I went over to the neighborhood pond earlier today, just to see what was happening, aiming for before it got too hot; I missed. I’d seen a couple of broods of Canada geese (Branta canadensis) over there, this years goslings (three of which you’ve already seen as last week’s Profiles of Nature entry,) but this morning made it clear how many there were, and I had to call The Girlfriend over.
Moreover, they noticed me and approached purposefully, announcing by their behavior that they’ve been getting hand-fed and are far from overprotective of their young. I was able to do a few closeups as they cruised past, capturing their interim coloration between the dirty yellow of the younger goslings and the distinctive pattern of the adults. I have too many Canada goose photos, but none of this stage, until now.
Not the most prepossessing of birds at this age, are they? I should probably use this for another Profiles entry – it can’t be worse than tomorrow’s.
By the time The Girlfriend made it over there, I was standing within a few meters of two broods, with two others close, all having come ashore nearby. They quickly came right up to us, not outright begging, but making it clear that we were not upholding out duties, even though we have never been the ones feeding them (The Girlfriend was so delighted at their approach that this is likely to change very soon.) We had nothing to give them, and eventually they wandered slowly off, not going too far in case we wised up and changed our minds about the food offerings. One gosling, however, chose a handy patch of shade to plop down and take a short rest in the growing heat of the day.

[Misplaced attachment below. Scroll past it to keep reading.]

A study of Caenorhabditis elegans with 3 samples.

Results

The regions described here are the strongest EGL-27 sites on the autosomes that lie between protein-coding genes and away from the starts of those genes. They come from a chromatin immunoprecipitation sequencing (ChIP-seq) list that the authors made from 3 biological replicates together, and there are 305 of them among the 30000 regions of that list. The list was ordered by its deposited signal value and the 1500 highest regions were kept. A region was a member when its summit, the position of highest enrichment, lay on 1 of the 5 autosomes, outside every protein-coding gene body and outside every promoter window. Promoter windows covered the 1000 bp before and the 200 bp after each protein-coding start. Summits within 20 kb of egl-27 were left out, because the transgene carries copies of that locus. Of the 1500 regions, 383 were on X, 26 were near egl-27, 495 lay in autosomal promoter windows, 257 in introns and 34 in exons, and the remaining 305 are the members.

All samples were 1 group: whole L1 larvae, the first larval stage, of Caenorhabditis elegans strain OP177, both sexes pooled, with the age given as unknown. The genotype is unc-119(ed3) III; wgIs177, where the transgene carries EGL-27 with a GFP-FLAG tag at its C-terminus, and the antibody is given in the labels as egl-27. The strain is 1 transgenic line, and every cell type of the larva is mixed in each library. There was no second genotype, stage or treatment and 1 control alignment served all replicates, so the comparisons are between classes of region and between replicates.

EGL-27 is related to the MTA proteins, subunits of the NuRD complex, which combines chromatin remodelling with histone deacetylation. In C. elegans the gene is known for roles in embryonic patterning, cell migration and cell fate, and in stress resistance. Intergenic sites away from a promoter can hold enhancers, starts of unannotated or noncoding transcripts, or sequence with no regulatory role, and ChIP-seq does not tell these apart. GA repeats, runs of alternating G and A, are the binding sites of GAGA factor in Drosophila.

It really couldn’t stay there long, both because the parents and siblings had decided to move on, and because the shade itself couldn’t remain there either; I’m never sure how obvious these things are, but that’s my own shadow that it settled down within, wide-brimmed hat and all.
None of these geese are domesticated, by the way; it’s just that Canadas don’t fear a lot and have become acclimated to humans anyway, and will quickly abandon any remaining misgivings if food is involved. In other areas, they can be aggressively protective of nests and young, but we’ve never gotten anything more than warning hisses from them.